In a recent interview with Man Repeller‘s Leandra Medine, Gwyneth Paltrow shared that she “drinks a lot,” yet still maintains healthy skin. When Medine asked how Paltrow manages to look so great while still enjoying a regular cocktail or two, Paltrow swears she owes her appearance to her Goop skincare line. “[It’s] because of my products!” she exclaimed to Medine. “I swear by them. I’m not kidding.” That’s one business-savvy response! “This is such great news. You can drink a lot and still look like Gwyneth Paltrow,” Medine replied. The topic does raise some real questions—I mean, just how much does drinking alcohol impact your skin?
First off, it’s important to distinguish between casual, moderate drinking and heavy drinking. (If you’re wondering whether your drinking habits are considered excessive, take a look at the guidelines laid out by the CDC and the National Institute of Alcohol Abuse and Alcoholism.) Aside from people with rosacea (who may experience redness or flushing while drinking), social drinking is unlikely to cause longterm skin problems. That said, alcohol can still have some frustrating effects on your complexion.
“Drinking alcohol dehydrates the skin, which leads to tired, sallow looking skin with more pronounced fine lines, wrinkles and pores,” New York City dermatologist Whitney Bowe, M.D., tells SELF. Alcohol dehydrates the skin in two specific ways. “One, is that it acts as a diuretic which forces water out of the body. Second, it interferes with the hormone vasopressin, which is responsible for telling your kidneys to reabsorb some of the water that is about to leave your body. Alcohol hinders the production of vasopressin, so it doesn’t allow your body to reabsorb the water that it needs.”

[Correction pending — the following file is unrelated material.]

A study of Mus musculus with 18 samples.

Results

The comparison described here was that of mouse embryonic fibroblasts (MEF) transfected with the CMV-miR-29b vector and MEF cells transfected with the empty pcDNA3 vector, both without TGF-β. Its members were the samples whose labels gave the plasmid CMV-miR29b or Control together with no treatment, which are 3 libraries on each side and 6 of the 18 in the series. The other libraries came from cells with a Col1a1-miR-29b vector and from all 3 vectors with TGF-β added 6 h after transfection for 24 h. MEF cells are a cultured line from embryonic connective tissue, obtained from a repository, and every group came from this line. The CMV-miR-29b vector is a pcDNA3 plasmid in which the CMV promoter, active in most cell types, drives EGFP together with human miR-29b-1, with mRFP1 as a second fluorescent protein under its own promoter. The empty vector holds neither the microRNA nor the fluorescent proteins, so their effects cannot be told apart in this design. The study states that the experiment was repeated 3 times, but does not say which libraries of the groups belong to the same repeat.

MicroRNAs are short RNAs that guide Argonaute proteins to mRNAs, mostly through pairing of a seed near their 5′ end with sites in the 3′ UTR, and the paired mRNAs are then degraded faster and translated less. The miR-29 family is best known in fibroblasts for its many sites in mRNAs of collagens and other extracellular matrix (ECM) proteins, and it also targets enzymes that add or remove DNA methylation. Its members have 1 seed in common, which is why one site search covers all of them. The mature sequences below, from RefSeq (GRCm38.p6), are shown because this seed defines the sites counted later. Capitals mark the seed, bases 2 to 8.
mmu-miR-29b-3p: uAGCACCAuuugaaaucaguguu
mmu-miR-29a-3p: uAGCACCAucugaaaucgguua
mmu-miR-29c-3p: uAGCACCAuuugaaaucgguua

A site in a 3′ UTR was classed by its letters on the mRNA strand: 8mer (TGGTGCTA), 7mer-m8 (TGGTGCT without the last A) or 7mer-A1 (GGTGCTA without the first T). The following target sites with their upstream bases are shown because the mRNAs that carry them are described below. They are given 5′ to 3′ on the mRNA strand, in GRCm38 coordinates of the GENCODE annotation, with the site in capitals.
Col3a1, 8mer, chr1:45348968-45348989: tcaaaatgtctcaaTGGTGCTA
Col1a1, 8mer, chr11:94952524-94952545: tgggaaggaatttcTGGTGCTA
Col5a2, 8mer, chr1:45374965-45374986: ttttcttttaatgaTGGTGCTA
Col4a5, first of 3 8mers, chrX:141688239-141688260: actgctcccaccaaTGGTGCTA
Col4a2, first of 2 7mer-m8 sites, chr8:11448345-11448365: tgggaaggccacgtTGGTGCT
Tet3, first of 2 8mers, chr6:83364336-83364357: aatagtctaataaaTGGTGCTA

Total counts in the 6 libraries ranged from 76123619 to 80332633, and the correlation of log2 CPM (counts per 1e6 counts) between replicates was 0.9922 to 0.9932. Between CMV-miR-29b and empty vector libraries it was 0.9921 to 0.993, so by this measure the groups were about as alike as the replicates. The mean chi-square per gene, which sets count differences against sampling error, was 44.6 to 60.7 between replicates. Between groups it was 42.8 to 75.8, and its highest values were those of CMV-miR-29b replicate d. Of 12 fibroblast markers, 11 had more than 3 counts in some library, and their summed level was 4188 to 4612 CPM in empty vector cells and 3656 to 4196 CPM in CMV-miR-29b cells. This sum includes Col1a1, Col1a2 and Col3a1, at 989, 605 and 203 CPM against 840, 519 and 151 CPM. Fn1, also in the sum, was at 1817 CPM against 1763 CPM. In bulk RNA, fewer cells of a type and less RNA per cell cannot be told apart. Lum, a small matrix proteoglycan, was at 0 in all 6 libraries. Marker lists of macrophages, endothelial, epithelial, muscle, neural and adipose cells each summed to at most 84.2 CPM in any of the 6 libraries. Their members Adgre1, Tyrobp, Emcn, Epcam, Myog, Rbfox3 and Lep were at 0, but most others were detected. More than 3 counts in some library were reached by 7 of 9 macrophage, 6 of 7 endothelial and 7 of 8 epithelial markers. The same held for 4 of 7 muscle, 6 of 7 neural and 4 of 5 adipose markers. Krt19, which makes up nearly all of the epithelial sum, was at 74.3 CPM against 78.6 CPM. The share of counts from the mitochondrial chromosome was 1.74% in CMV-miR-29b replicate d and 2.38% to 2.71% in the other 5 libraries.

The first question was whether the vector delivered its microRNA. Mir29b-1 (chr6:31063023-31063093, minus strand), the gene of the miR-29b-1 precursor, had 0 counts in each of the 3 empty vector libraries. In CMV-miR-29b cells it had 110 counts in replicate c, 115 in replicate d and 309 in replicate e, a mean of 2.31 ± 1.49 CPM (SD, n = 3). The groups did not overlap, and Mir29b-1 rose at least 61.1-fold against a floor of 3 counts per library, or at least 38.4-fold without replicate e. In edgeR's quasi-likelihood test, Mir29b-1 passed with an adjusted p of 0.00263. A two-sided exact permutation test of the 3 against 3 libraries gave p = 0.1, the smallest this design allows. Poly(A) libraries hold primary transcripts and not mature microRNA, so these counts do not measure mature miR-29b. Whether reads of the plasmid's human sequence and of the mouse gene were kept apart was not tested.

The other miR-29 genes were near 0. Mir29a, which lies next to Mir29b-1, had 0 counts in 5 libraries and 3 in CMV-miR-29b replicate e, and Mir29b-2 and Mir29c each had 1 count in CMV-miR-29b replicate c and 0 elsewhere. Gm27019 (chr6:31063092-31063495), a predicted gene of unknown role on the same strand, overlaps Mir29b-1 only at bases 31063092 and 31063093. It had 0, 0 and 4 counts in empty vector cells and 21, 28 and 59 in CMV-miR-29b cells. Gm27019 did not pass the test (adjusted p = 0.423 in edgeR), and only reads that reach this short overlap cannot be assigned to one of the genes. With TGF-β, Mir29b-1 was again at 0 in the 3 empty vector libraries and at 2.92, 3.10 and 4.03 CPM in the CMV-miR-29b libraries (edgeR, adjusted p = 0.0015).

Heavy alcohol use may also decrease Vitamin A levels. “Vitamin A is a powerful antioxidant that is responsible for cell turnover, fighting off free radicals and giving your skin that healthy glow,” Bowe explains. Lower levels of Vitamin A can make your skin look more dull and tired.
Again, if you’re drinking moderately, you don’t have much to worry about—it’s heavier drinking that causes more serious damage. (And of course, damage from heavy drinking can go far beyond your skin: Excessive drinking can lead to increased risk of high blood pressure, heart disease, certain types of cancer, alcohol dependency, and other issues.) “Chronic alcoholism can cause many skin problems,” Hilary Baldwin, M.D., dermatologist and medical director of the Acne Treatment and Research Center in New Jersey, tells SELF. “Often, on the internet, we see claims that these issues apply to casual drinking as well, but there is little evidence to back this up.” You may find yourself with dull or puffy skin for a few hours after casual drinking, but the effects aren’t likely to last long. “Twenty-four hours later, well-hydrated and well-slept, there is no data suggesting that there is permanent skin damage from our night out.”
Not all drinks are created equal, so if you’re concerned with temporarily losing your glow at the bar, choose red wine over a cocktail. “Avoid mixed drinks, as they often contain large amounts of sugar and salt, which can lead to bloating, under eye bags and inflammation,” Bowe says. “Instead, opt for a glass of red wine which contains resveratrol, a powerful antioxidant that contains anti-aging benefits.” You may also want to avoid salt-rimmed margaritas, which Baldwin says can add to the dehydration.
It’s also important to consider how alcohol-induced eating and sleeping habits can impact our skin. “We have to realize that an evening of drinking does not exist in a vacuum,” Baldwin says. “It is more often than not associated with overeating, excess salt intake, and little sleep. Thanks to the alcohol, what sleep we do get is not as restful as usual. We wake up dehydrated, pasty and bleary-eyed.” Consider drinking a glass of water between alcoholic drinks, as well as sipping on a glass just before bed and first thing upon waking up the next morning. Top the evening off by getting as much shut-eye as possible. “Go home early,” Baldwin advises. “Your appearance in the morning will thank you.”
Overall, it’s perfectly fine to enjoy a few drinks in moderation without worrying about your skin’s health. “In the absence of actual data to the contrary, enjoy the occasional cocktail without longterm skin concerns,” Baldwin says. So kick back, pour yourself a glass of wine, and say “cheers.”